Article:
I recently graduated from college, and before starting a full-time job this fall, I spent the summer mentoring middle schoolers in New Bedford, another small Massachusetts city near where I grew up.
I found not much had changed when it comes to teachers of color — there still aren’t that many of them.
I began to wonder: Why don’t more of the teachers look like the kids? I had flashbacks to what it was like to be a student who could not identify with the adults at school. In hindsight, I wanted to be able to identify with authority at school because it would have given me hope about my professional future.
There’s been a lot of talk about how teachers need to better reflect the student bodies they teach. When I look around, it doesn’t seem as if we’ve made much progress. I believe this to be a major problem in our education system; we need more Black teachers.
I majored in economics as an undergraduate. After I graduated, I had a few months before my job in the banking industry started up, and a friend of mine suggested I do a summer school mentoring program because she knew I was also interested in education as a possible career.
I helped fill in wherever the program needed me, but my favorite part was working one-on-one with the kids. One boy I met was an eighth grader who’d had trouble during the regular school year. He had a reputation as a kid who didn’t cooperate, didn’t care, didn’t want to learn and maybe was getting involved with gangs.
What I found when we worked together was a bright kid who wanted to learn. He was never any trouble. It made me sad when he said he wished I could come back in the fall, because no one had told him he was a smart kid before.
Following that conversation, he told me he wished I was his teacher because I was Black. He wanted a Black man for a teacher, a wish I’d asked the tooth fairy for one too many times as a child.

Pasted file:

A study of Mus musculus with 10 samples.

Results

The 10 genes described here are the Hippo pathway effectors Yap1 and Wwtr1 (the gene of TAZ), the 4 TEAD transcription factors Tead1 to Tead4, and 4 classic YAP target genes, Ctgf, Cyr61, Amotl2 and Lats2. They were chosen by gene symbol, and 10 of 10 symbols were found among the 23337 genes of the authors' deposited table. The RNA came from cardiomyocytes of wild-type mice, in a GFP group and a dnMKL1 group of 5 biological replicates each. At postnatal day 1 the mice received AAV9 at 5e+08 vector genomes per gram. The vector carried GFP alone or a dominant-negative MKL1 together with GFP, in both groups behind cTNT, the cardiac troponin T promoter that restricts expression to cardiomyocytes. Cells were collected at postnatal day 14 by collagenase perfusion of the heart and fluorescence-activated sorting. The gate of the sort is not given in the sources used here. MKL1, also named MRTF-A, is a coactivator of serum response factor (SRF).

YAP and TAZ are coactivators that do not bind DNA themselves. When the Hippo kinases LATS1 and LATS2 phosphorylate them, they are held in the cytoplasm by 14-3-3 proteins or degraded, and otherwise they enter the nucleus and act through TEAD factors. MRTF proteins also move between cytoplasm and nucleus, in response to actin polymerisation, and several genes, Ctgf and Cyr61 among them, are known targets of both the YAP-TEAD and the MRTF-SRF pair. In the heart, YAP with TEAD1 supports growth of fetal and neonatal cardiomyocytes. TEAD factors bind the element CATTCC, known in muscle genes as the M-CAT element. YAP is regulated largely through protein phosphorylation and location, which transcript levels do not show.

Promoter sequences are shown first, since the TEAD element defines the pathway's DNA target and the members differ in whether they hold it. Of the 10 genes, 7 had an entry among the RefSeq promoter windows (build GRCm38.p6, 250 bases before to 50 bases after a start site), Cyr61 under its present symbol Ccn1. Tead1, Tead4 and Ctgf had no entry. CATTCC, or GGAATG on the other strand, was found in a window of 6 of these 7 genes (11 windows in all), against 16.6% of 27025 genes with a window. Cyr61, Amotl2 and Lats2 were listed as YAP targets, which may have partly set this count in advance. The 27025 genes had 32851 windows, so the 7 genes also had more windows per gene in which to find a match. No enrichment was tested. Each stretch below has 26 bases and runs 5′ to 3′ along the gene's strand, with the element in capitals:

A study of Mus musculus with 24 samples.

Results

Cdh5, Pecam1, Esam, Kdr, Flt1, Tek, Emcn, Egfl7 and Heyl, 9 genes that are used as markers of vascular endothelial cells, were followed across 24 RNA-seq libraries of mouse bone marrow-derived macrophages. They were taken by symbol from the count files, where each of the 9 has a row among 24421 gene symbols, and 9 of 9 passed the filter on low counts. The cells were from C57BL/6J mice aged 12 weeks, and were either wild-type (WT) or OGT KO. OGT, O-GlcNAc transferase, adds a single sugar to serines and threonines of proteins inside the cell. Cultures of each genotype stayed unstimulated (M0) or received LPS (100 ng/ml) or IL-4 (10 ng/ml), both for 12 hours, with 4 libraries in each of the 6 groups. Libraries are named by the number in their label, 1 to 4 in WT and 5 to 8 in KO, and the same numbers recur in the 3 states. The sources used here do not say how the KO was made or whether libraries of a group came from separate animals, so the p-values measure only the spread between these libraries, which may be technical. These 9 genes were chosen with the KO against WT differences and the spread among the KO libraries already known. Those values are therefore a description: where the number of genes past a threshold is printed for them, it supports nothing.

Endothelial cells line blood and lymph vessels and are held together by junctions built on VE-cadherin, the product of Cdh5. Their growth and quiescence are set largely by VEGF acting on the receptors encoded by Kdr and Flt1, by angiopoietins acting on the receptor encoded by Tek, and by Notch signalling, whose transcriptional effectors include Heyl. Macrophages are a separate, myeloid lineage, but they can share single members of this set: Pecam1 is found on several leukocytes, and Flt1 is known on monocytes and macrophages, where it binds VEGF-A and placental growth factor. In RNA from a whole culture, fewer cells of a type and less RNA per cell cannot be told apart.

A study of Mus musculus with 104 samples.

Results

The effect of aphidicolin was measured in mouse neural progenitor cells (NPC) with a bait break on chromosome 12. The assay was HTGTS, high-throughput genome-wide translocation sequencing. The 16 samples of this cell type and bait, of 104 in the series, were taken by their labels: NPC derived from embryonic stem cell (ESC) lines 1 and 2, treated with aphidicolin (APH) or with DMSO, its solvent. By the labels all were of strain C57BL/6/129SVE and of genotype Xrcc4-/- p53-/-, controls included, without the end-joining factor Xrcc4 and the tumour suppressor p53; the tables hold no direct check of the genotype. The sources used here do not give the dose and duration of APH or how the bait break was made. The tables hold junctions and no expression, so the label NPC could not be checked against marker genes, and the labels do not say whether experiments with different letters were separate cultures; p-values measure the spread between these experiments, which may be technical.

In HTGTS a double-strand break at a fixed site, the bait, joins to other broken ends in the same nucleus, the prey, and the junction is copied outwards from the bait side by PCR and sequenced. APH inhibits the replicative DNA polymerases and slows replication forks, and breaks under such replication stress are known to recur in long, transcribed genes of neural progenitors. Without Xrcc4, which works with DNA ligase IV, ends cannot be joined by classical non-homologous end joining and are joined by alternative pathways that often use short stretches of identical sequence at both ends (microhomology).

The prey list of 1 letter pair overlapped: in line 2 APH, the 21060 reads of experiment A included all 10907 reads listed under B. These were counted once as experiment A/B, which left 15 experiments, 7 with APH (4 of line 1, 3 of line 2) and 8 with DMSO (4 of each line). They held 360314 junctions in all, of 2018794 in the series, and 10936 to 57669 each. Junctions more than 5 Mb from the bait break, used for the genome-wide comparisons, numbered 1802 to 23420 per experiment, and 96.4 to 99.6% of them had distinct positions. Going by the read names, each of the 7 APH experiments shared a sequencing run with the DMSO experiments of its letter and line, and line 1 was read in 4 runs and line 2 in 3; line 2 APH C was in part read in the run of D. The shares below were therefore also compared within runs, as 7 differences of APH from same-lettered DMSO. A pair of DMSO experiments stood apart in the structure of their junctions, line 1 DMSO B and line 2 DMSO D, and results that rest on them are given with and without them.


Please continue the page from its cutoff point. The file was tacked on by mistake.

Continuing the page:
I remember saying the same things with my friends when we were in middle and high school. We weren’t seeing people like us among our teachers, so we felt like we did not belong. School at times felt like it just was not a place meant for us.
He wanted a Black man for a teacher, a wish I’d asked the tooth fairy for one too many times as a child.
I was lucky because my parents pushed education and training. When I was 10, we had emigrated from Cabo Verde to find more opportunities. Before I came to the United States, I’d had role models in my school and all around me who shared experiences like mine.
After our move, except for my family, I no longer had people that looked like me in places of authority. I noticed changes in my behavior. I started caring less about school and doubted my academic abilities.
My family’s support and expectations helped me focus so I could graduate high school and then college. But I had a lot of friends who did not have that encouragement in their own families or in the school system.
They didn’t see how putting themselves into their schoolwork would help them, and they never even considered higher education programs as options.
Yet, that’s what success is all about: options. And seeing yourself in those options.
Working as a mentor, I saw that we need more teachers of color to inspire and communicate with students and their families. The school I was at was filled with students who spoke Spanish or Portuguese as a first language. Their parents in many cases did not speak English well yet, and I was the only person on staff who could speak those languages.
During the summer, mentors from the area would get together for informational sessions. We learned that when students of color have adult mentors of diverse backgrounds, the kids get themselves to school more often and have a better chance at graduating and staying out of trouble. Half of the battle is showing up; if these kids show up, I know they can lead successful lives.
Students I worked with told me they were going to school only because I was there, and that my presence made them feel welcome.
I also discovered something about myself: I really like teaching. It made me think I’d like to find a way someday to combine my economics degree with education. Even if I don’t go on to become a teacher, I know I will stay involved with young people, especially young people of color, whether that be as a teacher, coach or other kind of mentor.
I’ve decided to actively put myself in places where I will influence kids, especially those that look like they could be my cousins. I wish more people like me would invest in education, because children need to see more people that look like them as role models in school.
Ricardo Da Fonseca is a recent graduate of Providence College. He spent the summer as a mentor for C4C, a program designed to place college-age students of diverse backgrounds in under-resourced schools and introduce them to education careers.